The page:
The sound revived him, or appeared to wake
Some passion which a weakly gesture spake:330
He beckoned to the foremost, who drew nigh,
But, as they neared, he reared his weapon high—
His last ball had been aimed, but from his breast
He tore the topmost button from his vest,[2][3]
Down the tube dashed it—levelled—fired, and smiled
As his foe fell; then, like a serpent, coiled
His wounded, weary form, to where the steep
Looked desperate as himself along the deep;
Cast one glance back, and clenched his hand, and shook
His last rage 'gainst the earth which he forsook;340
Then plunged: the rock below received like glass
His body crushed into one gory mass,
With scarce a shred to tell of human form,
Or fragment for the sea-bird or the worm;
A fair-haired scalp, besmeared with blood and weeds,
Yet reeked, the remnant of himself and deeds;
Some splinters of his weapons (to the last,
As long as hand could hold, he held them fast)
Yet glittered, but at distance—hurled away
To rust beneath the dew and dashing spray.350
The rest was nothing—save a life mis-spent,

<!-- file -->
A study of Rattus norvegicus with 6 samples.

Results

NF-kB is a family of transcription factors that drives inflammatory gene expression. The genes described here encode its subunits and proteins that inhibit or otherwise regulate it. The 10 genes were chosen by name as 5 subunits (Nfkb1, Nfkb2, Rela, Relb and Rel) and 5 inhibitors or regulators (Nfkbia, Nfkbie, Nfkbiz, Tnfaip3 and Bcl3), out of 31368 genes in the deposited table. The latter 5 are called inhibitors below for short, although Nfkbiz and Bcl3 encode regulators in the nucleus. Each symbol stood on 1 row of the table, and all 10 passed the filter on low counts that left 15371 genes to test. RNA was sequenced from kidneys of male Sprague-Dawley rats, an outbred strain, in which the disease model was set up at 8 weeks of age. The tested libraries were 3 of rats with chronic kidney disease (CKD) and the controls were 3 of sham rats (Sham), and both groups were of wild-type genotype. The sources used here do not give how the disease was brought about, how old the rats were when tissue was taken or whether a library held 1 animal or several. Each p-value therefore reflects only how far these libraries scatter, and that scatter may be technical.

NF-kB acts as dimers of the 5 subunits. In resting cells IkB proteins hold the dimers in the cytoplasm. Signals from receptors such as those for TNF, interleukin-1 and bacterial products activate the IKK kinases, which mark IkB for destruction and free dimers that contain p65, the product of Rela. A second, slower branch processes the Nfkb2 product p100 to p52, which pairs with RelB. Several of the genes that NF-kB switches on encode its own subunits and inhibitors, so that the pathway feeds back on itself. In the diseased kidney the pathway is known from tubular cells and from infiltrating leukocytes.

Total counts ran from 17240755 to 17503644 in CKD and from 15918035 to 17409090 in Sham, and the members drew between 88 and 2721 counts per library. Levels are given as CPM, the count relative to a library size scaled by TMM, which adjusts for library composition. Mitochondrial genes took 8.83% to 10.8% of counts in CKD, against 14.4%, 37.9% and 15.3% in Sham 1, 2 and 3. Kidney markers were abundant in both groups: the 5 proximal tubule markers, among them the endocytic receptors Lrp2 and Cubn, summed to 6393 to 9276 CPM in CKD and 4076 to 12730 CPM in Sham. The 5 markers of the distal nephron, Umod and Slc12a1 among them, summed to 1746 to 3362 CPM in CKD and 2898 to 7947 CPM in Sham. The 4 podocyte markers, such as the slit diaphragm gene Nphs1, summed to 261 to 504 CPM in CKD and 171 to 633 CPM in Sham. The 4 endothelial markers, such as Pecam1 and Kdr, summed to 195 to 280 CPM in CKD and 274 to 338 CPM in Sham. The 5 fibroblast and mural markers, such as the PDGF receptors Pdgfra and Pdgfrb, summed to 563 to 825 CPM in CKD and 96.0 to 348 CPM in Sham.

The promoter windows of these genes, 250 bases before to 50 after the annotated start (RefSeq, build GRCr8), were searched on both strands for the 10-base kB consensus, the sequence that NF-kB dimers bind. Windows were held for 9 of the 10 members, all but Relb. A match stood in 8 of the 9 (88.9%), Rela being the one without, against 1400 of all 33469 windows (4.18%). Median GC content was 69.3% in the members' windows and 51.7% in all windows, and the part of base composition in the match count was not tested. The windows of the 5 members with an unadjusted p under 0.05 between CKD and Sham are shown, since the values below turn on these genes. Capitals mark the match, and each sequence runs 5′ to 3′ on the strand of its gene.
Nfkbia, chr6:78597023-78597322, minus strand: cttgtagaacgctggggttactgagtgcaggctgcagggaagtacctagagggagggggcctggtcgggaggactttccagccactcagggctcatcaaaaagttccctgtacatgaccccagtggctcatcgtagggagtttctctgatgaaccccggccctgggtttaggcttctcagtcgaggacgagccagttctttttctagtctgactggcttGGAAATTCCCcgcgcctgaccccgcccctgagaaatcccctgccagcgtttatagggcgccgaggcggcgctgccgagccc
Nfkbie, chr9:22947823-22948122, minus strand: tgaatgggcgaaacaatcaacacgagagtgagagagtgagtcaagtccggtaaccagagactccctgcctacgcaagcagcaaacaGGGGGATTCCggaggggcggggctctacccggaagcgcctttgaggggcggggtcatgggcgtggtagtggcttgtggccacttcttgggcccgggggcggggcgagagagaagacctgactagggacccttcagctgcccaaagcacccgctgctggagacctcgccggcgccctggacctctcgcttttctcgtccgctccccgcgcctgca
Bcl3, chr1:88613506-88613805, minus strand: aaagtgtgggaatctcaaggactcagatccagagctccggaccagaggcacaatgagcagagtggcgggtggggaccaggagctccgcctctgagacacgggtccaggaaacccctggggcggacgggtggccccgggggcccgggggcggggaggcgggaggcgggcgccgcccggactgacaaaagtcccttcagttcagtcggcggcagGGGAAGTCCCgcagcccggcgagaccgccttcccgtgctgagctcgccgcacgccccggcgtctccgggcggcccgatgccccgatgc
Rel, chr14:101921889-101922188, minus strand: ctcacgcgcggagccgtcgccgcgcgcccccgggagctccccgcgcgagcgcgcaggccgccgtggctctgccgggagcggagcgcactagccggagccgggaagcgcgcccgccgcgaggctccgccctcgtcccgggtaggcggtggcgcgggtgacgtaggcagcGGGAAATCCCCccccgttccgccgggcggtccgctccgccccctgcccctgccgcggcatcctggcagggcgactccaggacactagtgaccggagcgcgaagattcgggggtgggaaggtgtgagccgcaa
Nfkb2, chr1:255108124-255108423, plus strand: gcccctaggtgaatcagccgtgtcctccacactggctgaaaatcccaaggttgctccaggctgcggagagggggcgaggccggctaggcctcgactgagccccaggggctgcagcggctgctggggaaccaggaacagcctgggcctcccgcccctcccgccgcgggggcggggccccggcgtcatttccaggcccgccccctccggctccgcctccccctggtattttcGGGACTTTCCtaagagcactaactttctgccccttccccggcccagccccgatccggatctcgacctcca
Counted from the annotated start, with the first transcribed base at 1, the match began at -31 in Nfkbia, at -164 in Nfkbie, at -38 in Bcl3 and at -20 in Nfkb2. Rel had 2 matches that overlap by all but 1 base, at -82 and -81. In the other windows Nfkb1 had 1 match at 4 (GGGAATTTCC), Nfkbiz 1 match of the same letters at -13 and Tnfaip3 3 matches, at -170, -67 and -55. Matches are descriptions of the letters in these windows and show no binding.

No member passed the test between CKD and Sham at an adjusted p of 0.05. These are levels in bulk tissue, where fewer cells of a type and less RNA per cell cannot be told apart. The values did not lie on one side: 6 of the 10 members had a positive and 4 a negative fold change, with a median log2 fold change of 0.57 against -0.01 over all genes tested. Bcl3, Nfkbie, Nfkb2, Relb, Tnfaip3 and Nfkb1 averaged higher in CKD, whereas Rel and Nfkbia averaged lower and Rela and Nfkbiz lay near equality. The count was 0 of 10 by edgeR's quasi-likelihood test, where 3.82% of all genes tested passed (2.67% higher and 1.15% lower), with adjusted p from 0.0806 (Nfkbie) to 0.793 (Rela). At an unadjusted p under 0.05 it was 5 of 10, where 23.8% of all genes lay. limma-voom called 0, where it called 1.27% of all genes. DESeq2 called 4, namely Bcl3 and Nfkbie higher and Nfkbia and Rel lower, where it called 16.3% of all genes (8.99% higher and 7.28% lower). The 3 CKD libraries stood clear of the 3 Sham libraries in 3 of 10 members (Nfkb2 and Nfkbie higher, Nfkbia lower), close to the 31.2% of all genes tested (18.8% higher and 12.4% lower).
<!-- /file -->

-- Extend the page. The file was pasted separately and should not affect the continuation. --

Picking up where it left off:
And soul—but who shall answer where it went?
'Tis ours to bear, not judge the dead; and they
Who doom to Hell, themselves are on the way,
Unless these bullies of eternal pains
Are pardoned their bad hearts for their worse brains.

  1. The crag as droop a bird without her young.—[MS. D. erased.]
  2. In Thibault's account of Frederick the Second of Prussia, there is a singular relation of a young Frenchman, who with his mistress appeared to be of some rank. He enlisted and deserted at Schweidnitz; and after a desperate resistance was retaken, having killed an officer, who attempted to seize him after he was wounded, by the discharge of his musket loaded with a button of his uniform. Some circumstances on his court-martial raised a great interest amongst his judges, who wished to discover his real situation in life, which he offered to disclose, but to the king only, to whom he requested permission to write. This was refused, and Frederic was filled with the greatest indignation, from baffled curiosity or some other motive, when he understood that his request had been denied. [Mes Souvenirs de vingt ans de séjour à Berlin, ou Frédéric Le Grand, etc., Paris, 1804, iv. 145-150.]
  3. He tore a silver vest——.—[MS. D. erased.]